Women who took the fertility drugs clomiphene citrate (Clomid) or gonadotropins did not experience an increased risk for breast cancer compared with women who were not treated with those medications, according to a 30-year follow-up study published in the April issue of Cancer Epidemiology, Biomarkers & Prevention.
Data were collected from more than 12,000 women evaluated for infertility between 1965 and 1988 at five different locations in the United States. These patients were followed until 2010, and 9892 were deemed eligible for the study. Of those patients, 749 developed breast cancer. Researchers were only able to obtain medical documents for 696 of the 749, and 536 were found to have invasive breast cancer.
“We wanted to evaluate the long-term relationship of fertility medications and breast cancer risk after controlling for other factors that have been shown to be correlated with both breast cancer risk and use of those drugs,” Louise A. Brinton, PhD, MPH, chief of the Hormonal and Reproductive Epidemiology Branch at the National Cancer Institute, said in a press release. “Overall, our data show that use of fertility drugs does not increase breast cancer risk in this population of women, which is reassuring.”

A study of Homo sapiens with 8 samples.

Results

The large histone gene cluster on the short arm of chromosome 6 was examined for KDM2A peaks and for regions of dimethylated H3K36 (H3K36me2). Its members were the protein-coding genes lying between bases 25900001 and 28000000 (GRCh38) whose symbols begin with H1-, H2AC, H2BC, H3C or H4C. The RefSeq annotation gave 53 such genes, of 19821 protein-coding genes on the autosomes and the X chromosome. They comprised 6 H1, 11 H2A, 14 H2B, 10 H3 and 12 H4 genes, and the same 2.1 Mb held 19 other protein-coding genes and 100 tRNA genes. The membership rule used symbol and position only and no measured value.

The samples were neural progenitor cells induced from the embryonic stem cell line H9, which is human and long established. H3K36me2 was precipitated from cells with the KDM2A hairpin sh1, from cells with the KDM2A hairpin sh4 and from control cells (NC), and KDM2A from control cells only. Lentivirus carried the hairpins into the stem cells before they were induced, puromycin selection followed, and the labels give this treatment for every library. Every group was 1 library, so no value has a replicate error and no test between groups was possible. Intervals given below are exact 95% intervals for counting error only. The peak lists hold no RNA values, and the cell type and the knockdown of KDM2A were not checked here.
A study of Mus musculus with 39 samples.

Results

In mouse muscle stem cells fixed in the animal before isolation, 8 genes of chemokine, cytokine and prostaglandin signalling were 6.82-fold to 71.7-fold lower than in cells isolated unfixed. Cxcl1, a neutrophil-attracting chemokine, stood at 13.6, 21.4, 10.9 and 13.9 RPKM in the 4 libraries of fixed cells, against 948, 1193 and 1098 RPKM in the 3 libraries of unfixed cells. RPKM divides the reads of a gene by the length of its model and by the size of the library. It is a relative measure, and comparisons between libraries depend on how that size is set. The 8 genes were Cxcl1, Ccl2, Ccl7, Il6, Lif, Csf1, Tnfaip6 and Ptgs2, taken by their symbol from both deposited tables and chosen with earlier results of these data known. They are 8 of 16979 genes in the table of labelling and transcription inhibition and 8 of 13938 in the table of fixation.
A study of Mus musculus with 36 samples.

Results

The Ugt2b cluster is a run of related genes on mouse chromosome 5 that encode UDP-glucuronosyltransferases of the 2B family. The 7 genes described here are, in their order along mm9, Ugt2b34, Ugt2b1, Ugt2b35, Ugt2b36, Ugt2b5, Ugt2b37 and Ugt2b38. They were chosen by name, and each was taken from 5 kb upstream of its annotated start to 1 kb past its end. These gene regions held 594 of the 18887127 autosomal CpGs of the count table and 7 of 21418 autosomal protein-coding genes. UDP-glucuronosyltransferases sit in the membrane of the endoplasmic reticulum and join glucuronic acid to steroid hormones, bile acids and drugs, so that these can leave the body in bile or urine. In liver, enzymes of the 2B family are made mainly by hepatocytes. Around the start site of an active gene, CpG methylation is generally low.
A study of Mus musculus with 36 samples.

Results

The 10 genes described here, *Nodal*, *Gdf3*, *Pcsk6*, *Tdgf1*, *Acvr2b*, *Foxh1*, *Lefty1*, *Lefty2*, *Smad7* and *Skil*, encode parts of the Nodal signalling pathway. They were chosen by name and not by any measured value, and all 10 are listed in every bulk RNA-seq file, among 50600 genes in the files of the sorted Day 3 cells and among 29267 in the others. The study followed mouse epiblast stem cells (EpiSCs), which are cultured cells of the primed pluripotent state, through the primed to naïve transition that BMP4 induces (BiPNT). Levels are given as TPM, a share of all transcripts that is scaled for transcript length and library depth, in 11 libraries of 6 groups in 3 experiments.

An elevated risk for invasive breast cancer was observed for a small number of women in the study who were exposed to 12 or more cycles of clomiphene, and women who were unable to become pregnant after taking gonadotropins and clomiphene citrate had nearly twice the risk of women in the study that never took either medication. However, the authors of the study feel that these increases may not be related to the medications.
“The observed increase in risk for these small subsets of women may be related to persistent infertility rather than an effect of the medications,” Brinton said in a press release. “Nevertheless, these findings stress the importance of continued monitoring of women who are exposed to fertility drugs.”
Under current practices, clomiphene is usually limited to three to six cycles at doses up to 100 mg, but patients in the past may have received doses up to 250 mg, oftentimes for many years, Brinton said.
“Given the high doses of drugs received by our study participants and the lack of large increases in breast cancer risk many years after exposure, women previously exposed to such drugs should be reassured by these findings,” Brinton said.
“However,” she continued, “the women in our study who developed breast cancer were on average only 53 years old, which is still young in terms of when we usually expect breast cancers to develop. This cohort of women should continue to be monitored as they progress into a typical breast cancer age range; in addition, data are needed to assess the long-term effects of fertility drugs given in current practice, such as those used in conjunction with IVF.”